The COVID-19 pandemic has driven lots of companies to scrutinise their supply chains, bringing in new emergency suppliers to ensure an uninterrupted delivery of manufactured goods. For others, such as supermarkets, healthcare organisations and other providers of essential services, it has meant a rapid recruitment drive to ensure capacity.
For most, it’s driven a focus on technology – which parts of a business can switch to remote delivery and how can we ensure our workforce stays in touch? Indeed, remote support and technology have been the saviours of this crisis for thousands of organisations of all shapes and sizes. Driving digital delivery has been key for many businesses – and LRQA is no different. Our ability to stay connected through online platforms has been crucial and enabled us to stay in touch not only with our colleagues both locally and overseas, but with our Accreditation Body stakeholders - including those who are changing their policies on remote assurance daily – and our customers all over the world.
An increased focus on remote assurance has enabled us to continue to deliver essential services to the businesses we work with. Remote audits, inspections, surveys and online training delivered through safe and secure platforms and applications mean that wherever possible, we can deliver the same services online that we provided before on-site and in person; easily and safely – and with the same outcomes as seen previously.
When we’re in times of crisis, there is often opportunity if only we can have the collective mindset to find the silver lining. With the right framework in place and with more decentralisation, it’s incredible how people can make things happen quickly and effectively, especially when there’s a real sense of urgency driving decisions. We don’t need hierarchy, we need agility.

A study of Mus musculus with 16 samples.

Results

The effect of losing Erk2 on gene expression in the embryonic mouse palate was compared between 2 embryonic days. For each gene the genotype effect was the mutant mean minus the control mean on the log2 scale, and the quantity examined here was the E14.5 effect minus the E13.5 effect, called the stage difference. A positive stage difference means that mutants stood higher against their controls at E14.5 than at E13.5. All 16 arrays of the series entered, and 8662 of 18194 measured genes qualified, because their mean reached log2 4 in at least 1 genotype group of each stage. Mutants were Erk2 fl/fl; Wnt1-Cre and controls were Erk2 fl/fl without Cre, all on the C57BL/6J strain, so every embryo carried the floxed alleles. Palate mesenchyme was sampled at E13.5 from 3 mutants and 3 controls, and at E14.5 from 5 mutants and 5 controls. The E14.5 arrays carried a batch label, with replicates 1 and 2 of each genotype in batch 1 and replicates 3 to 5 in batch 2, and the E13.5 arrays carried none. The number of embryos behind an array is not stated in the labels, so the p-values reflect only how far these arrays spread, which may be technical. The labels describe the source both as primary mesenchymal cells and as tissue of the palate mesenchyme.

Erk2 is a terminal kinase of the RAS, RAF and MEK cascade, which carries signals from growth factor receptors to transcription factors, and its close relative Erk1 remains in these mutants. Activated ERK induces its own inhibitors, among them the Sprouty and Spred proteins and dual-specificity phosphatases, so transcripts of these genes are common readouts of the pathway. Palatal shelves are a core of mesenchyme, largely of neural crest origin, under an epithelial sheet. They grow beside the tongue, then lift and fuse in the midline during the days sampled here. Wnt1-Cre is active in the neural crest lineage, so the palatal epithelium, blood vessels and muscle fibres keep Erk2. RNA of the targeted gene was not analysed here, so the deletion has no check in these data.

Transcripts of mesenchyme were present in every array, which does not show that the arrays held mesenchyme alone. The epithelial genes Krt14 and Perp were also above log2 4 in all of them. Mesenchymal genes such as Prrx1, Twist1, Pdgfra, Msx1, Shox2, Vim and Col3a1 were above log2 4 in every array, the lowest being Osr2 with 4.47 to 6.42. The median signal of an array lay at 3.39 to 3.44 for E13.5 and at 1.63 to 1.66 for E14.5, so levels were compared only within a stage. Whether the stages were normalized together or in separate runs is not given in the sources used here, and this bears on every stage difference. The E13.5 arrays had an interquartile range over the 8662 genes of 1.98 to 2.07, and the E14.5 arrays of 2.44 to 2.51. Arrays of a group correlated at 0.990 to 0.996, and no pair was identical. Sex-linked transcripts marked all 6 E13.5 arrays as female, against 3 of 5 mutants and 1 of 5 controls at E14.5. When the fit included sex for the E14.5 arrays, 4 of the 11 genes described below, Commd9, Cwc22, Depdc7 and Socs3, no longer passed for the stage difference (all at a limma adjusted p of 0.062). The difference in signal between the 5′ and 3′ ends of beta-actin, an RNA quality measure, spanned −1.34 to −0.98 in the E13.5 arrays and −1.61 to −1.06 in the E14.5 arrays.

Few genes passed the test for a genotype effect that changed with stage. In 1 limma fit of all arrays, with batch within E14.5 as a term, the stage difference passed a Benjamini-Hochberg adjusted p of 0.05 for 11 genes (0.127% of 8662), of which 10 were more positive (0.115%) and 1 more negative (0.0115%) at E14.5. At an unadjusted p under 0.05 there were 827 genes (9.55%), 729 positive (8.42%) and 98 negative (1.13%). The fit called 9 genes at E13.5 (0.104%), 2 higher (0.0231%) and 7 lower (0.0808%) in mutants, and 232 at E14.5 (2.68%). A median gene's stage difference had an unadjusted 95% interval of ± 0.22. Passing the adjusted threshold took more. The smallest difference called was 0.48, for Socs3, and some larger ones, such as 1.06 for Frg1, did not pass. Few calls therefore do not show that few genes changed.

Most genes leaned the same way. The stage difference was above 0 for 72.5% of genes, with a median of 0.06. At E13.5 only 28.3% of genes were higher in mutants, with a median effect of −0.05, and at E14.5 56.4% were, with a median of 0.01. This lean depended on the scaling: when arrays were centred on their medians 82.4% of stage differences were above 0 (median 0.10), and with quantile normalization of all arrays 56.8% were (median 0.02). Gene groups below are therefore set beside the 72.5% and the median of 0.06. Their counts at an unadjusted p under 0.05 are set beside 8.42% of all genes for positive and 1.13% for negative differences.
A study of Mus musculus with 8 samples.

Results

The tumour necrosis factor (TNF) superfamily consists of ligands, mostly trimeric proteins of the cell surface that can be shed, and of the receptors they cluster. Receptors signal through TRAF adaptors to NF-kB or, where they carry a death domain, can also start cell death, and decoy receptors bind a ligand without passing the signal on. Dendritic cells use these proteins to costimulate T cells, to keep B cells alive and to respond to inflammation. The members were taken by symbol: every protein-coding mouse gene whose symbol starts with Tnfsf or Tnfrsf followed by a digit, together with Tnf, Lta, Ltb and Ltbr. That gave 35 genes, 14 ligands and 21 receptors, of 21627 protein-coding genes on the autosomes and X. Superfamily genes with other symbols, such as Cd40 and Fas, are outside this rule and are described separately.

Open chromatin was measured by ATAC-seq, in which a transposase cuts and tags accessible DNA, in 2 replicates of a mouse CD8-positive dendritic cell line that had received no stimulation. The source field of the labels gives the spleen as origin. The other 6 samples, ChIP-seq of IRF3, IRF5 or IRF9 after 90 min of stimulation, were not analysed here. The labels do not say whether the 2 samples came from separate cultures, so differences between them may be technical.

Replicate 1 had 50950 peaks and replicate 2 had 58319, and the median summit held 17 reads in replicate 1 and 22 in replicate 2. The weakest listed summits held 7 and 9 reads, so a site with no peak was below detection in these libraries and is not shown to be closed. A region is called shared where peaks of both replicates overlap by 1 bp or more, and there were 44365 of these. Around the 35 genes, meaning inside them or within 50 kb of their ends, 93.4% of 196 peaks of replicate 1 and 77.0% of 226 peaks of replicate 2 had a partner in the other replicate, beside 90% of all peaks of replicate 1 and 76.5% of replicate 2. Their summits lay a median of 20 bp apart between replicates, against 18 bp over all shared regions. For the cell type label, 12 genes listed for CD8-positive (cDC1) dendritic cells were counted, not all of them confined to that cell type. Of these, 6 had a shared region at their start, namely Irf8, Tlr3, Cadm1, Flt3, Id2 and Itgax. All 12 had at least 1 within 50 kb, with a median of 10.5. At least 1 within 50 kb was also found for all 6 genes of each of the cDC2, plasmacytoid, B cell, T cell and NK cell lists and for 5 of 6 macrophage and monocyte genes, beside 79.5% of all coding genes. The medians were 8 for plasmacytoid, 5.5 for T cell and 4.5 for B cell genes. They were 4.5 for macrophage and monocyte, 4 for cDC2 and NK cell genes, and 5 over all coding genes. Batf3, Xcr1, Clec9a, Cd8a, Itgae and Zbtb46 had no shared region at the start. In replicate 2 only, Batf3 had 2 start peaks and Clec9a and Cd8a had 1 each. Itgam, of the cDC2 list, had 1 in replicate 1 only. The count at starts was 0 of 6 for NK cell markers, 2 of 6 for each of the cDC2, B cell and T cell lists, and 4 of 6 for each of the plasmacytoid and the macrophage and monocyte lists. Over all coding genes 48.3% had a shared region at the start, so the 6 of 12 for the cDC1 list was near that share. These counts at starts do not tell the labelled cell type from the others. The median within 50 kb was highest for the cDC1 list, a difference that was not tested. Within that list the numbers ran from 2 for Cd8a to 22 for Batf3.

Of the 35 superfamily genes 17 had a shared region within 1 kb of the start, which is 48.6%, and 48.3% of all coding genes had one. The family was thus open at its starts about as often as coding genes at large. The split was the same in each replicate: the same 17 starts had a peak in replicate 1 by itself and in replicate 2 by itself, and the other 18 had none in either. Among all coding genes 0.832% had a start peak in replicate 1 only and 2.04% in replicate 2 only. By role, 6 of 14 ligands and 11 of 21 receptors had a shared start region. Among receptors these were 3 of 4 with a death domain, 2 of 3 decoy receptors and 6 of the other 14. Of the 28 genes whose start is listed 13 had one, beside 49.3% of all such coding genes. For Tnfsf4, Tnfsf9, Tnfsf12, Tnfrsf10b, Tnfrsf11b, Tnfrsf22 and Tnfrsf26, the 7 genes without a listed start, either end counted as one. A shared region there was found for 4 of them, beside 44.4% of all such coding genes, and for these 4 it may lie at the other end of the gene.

Some may say that COVID-19 is a prime example of a ‘black swan event’ – ‘an unpredictable event that is beyond what is normally expected of a situation with potentially severe consequences. Black swan events are characterised by their extreme rarity, their severe impact, and the widespread insistence they were obvious in hindsight.’ Whether we want to admit it or not, black swan events do happen and it’s vital we don’t let our guard down because ‘we have a plan in place’.
We are living in a world of black swan events – we can’t discount the rare or unpredictable and we must accept that random events do happen and that they’re happening more often than ever before. It’s during these events that our ability to adapt and show immense resilience is well and truly put to the test. What COVID-19 and other crises in recent times have shown us is that we need to be dynamic, agile in our response and encourage innovative, critical thinking that allows us to embrace new ways of working quickly and without delay. Without this, our way of working, living and staying connected is very much at stake.